Henry Ford Health System Wednesday became the latest Michigan hospital system to announce deep staff cuts as a way to balance its budget against what it called the “devastating impact” from the COVID-19 pandemic.
About 2,800 employees are being temporarily furloughed across the Detroit-based, six-hospital system. The employees are from areas that have closed or where services have dwindled and are not involved in direct patient care, according to a Wednesday evening news announcement.
The system reported a $43 million loss in operating income in March after it, like other area health systems, postponed or canceled non-emergency services and procedures. Henry Ford said it had a 50 percent reduction in patient services revenue over this past week compared to the same week last year.
April and May losses are expected to be even higher, according to the statement.
HFHS, operating in Michigan’s counties hardest hit by COVID-19, said it also faces increased costs for resources, including personal protective equipment. One example: Earlier this month, Henry Ford Chief Operating Officer Bob Riney said the cost of gowns purchased from foreign markets went up 20 percent a day for three straight days.
Some employees received furlough announcements Wednesday. Employees will keep their health care coverage and are eligible for unemployment benefits.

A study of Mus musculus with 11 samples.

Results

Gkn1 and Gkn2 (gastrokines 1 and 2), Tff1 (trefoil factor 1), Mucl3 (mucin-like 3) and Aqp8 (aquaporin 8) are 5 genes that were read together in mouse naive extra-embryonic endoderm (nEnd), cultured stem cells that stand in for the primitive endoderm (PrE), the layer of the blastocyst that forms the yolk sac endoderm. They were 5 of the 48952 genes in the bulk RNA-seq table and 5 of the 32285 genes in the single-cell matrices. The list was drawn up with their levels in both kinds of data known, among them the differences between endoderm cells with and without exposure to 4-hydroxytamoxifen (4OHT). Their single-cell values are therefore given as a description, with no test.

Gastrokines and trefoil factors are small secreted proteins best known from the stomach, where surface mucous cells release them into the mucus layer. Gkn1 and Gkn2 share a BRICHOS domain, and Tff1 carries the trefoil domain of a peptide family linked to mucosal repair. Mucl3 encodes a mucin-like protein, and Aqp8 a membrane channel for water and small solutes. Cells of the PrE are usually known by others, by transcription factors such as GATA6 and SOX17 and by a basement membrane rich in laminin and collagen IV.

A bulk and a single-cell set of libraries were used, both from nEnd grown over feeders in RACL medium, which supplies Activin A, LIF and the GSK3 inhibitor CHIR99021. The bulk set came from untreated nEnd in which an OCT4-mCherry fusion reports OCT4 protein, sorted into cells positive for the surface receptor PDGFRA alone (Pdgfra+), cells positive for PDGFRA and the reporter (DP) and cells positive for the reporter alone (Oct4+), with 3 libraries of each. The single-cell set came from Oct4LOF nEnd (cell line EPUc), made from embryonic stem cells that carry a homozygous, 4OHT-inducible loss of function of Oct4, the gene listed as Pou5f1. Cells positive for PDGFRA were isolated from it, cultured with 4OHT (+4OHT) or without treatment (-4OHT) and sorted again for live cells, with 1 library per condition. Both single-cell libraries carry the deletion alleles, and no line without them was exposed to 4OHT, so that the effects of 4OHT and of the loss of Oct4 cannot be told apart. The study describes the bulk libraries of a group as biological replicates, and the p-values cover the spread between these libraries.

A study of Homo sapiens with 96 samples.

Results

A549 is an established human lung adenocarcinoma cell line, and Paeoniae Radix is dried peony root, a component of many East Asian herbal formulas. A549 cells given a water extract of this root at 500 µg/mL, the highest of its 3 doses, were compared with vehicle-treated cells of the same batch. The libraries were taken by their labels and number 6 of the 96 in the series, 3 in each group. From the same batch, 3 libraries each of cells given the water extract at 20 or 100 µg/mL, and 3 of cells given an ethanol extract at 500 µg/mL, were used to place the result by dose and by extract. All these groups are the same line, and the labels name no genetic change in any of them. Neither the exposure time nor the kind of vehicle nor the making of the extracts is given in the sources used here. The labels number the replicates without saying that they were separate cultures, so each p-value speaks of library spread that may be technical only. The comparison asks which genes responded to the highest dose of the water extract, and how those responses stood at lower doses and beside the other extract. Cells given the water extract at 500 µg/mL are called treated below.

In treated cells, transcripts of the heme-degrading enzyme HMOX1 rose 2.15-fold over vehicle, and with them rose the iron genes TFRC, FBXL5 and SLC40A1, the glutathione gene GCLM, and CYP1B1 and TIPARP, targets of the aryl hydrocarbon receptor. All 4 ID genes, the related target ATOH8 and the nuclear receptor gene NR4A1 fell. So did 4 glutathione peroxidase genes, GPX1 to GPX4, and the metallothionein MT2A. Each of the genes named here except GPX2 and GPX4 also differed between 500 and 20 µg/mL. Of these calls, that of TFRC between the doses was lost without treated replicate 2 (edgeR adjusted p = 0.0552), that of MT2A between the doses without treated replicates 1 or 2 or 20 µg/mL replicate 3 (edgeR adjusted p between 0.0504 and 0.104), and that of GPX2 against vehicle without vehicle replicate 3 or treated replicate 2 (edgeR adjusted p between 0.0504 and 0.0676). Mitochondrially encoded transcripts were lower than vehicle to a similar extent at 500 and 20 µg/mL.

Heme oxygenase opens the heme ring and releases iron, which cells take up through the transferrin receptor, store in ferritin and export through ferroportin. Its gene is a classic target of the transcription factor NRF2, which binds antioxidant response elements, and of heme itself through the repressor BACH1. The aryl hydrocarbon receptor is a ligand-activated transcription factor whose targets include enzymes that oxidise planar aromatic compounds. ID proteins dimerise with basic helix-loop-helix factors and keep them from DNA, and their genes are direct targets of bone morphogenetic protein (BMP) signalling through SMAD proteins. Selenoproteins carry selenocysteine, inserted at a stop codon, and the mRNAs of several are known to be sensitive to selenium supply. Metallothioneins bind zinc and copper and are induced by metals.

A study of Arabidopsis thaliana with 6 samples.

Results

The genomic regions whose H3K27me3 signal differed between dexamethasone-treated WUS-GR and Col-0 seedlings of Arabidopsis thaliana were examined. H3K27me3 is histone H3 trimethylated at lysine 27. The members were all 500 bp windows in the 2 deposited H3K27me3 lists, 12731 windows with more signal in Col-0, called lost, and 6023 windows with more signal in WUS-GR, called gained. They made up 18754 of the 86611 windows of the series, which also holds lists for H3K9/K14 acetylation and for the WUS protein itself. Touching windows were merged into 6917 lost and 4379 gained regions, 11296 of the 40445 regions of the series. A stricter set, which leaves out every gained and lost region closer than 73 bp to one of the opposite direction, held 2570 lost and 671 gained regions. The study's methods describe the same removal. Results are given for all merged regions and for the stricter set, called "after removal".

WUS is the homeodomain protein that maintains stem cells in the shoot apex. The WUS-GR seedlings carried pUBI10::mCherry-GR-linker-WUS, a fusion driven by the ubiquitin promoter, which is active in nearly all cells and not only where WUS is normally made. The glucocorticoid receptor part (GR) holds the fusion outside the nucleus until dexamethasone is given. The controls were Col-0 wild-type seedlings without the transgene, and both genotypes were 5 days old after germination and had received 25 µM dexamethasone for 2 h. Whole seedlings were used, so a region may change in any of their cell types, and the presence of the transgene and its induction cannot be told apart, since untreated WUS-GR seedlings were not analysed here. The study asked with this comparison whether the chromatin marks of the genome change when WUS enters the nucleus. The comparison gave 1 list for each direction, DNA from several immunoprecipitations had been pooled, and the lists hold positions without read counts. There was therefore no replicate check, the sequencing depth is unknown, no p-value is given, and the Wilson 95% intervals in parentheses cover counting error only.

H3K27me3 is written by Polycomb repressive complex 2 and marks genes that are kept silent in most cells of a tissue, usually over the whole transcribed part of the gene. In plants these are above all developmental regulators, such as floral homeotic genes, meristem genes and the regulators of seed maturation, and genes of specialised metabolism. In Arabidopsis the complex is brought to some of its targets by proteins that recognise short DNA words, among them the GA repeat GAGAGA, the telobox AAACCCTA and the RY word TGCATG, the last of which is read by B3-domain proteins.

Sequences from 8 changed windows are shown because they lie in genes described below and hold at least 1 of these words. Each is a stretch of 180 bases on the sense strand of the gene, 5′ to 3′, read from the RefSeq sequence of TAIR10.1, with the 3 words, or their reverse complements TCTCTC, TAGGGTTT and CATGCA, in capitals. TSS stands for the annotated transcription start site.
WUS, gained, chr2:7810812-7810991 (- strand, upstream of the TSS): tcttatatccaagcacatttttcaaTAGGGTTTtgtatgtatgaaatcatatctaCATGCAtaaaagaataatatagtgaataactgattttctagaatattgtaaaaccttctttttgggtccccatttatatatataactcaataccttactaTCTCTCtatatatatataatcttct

Its furloughs came a day after Beaumont Health announced layoffs of 2,475 employees and the elimination of 450 jobs.
Last week, Henry Ford announced it had resumed outpatient surgeries in specially designated rooms at its hospitals. But by then, the financial damage was already widespread.
“I know that news concerning furloughs is painful – especially for an organization like ours, whose greatest strength has always been our people,” the announcement quoted Lassiter. “We value each team member’s unique contribution and this decision does not change that. But, we must face these realities head on.”
The health system’s executive team and senior leaders will contribute 10 to 25 percent of their salaries to two funds to help employees, the COVID-19 Emergency Needs Fund, which was established during the current crisis, and the Bob and Sandy Riney Helping Hands Fund, established in 2012 to support employees experiencing unexpected hardship, the announcement said.
Henry Ford’s Chief Financial Officer Robin Damschroder noted the uneven balance in caring for COVID-19 patients, echoing the words of Beaumont CEO John Fox Tuesday as he announced job losses. Fox, who will take a 70 percent pay cut, went so far as to say some other, unnamed, hospitals had declined to take patients when Beaumont’s patient load overflowed.
Hospitals will recoup some of the lost money through the Coronavirus Aid, Relief and Economic Security Act, or CARES Act. In Michigan, they will split about $468 million, according to the Michigan Health & Hospital Association.
But the allocations have drawn criticism because they are based on providers’ past Medicare reimbursements rather than the extent they were impacted by COVID-19 care.
“When it comes to federal assistance, we welcome an equitable, metrics-based allocation model that will help organizations like ours continue our mission,” Damschroder said.
Other systems, too, have reported deep staff cuts and salary reductions for top staff.